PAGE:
IRELAND OF THE SORROWS: THE KIDS, THE CRAIC AND THE KILLING
It is 1982 in County Armagh. Not a good time to be Irish, not there. Not with internees still in the H blocks and ten recent deaths on hunger strike. The family farm kitchen (Rob Howell’s design so complete you could almost run up the creaky staircase to bed) is getting ready for the comradeship and craic of harvest day. For half an hour the worst that happens is that the fatted goose escapes, Auntie Pat pours cold water on Uncle Pat’s favourite story, and young Oisin gets teased and wrecks his newspaper kite. But two bus rides away in Derry, impassive before a scrawled-wall curtain, we have seen hard men putting the frighteners on Father Horrigan over a dark, dead secret. Which will by slow degrees, interwoven with hearteningly ordinary farmhouse chaos, raise comedy to tragedy.
For three enthralling hours this is a hell of a piece: theatrical, engrossing, a world unfurling and reaching out hands to the heart in a dozen directions. Fizzes of humour, surprise and shock dart through it. There is immediately a lamp set on fire, a posse of small and eloquently profane children, and a real baby staring out the front rows with placid equanimity. There is a live goose and a baby rabbit hauled from the poacher’s pocket of a giant beard-draggled simpleton. There is Quin Carney, father of an extended family with two mothers who each have hard emotional rows to hoe, Uncle Pat who thinks the answer to most things is in Virgil, sour passionate Auntie Pat who has wanted to kill Englishmen ever since 1916 and greets the voice of Thatcher on World Service with a fury burning since at Cromwell and honed by worship of Parnell and O’Connell. There are volatile teenage boys, threatening Provos , an unusual proposal of marriage, and a body in a peat bog all too recognizably preserved. There is every reason for “Aunt Maggie Far-Away” in the chimney-corner to emerge from her placid dementia from time to time with a terrible clarity of prophecy, memory, and justifiable belief in the banshee spirits who wail of death.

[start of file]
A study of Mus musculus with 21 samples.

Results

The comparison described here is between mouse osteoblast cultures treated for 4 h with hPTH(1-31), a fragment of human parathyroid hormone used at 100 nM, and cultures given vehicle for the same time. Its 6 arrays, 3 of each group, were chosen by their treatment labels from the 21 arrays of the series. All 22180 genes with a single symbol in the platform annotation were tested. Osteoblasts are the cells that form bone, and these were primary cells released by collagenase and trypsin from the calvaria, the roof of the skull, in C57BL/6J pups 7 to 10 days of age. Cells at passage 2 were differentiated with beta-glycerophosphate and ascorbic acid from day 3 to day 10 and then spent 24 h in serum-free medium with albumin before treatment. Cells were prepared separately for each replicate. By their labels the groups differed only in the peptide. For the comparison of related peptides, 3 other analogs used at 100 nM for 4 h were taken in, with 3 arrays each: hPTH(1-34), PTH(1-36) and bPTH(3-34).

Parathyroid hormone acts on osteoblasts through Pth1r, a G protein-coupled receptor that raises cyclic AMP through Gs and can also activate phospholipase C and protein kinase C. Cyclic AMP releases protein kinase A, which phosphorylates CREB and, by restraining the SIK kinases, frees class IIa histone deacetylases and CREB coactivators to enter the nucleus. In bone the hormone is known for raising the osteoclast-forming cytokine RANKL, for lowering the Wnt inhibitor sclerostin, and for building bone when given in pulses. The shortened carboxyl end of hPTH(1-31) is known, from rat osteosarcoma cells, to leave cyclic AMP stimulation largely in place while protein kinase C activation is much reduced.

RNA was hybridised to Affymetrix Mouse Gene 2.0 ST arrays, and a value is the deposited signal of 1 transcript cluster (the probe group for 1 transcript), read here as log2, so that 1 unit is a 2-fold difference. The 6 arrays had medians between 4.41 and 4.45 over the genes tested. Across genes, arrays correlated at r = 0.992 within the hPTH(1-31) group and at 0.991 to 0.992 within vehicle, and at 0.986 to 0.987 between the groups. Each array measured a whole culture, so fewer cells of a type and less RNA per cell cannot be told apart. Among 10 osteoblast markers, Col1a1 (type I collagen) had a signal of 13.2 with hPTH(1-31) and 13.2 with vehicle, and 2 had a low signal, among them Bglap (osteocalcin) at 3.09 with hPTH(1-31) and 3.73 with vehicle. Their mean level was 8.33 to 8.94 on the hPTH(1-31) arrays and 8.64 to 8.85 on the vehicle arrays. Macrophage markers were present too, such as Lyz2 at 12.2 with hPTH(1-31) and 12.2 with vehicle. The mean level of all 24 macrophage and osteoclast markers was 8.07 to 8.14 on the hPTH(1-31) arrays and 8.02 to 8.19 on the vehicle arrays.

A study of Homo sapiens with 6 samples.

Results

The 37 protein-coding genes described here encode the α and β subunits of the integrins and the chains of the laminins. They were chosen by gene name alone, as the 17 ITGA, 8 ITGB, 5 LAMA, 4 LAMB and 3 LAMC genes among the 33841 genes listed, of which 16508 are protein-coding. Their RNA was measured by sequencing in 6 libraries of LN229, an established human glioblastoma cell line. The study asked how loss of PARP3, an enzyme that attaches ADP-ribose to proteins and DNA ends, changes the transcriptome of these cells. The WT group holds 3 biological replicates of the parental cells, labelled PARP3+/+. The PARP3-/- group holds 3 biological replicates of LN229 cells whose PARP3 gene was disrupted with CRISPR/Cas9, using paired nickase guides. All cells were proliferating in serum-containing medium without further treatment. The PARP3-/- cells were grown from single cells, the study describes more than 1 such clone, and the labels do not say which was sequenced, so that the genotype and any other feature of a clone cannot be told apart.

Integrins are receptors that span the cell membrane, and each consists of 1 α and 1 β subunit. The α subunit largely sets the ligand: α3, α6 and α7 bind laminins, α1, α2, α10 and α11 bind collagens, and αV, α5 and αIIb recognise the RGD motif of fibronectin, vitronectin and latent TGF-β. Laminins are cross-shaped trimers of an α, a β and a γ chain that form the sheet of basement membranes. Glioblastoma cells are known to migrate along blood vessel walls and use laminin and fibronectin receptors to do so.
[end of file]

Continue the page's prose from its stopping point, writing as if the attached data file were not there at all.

Jez Butterworth’s immense, ambitious new play takes us deep into that world and – as in his great JERUSALEM – roams beyond it into universal themes of history and legend, memory and love, childhood, song and poetry and national identity and the way national dreams sour to vicious partisan expediency. It is sometimes ragged, always magnificent. And – though after all that you may not be expecting this news – it is very often dryly, shockingly, tenderly funny. Especially in the superbly directed posse of children and teenage scenes.
Spoilers of plot – or even explaining too soon who is who – would be unforgivable. But know that the performances in Sam Mendes’ production well match up to the material: there is an extraordinary delicacy in the way that apparently comic figures become importantly tragic: not least Dearbhla Molloy’s satirical Pat and John Hodgkinson’s heartbreaking Tom Kettle , a half-witted English foundling drawn into the farm thirty years ago. Notable too are Paddy Considine as Quinn, Tom Glynn-Carney as the half-childish teenage recruit, and Laura Donnelly’s restrained, enduring Caitlin.
And for evocation of the sheer dominant cold-bastard, smart-jacketed IRA commanders of that terrible era, Turlough Convery sends shivers up your spine. The dénouement, half-expected, still shocks.
box office 020 7565 5000 to 20 May. Sold out, but West End transfer in June.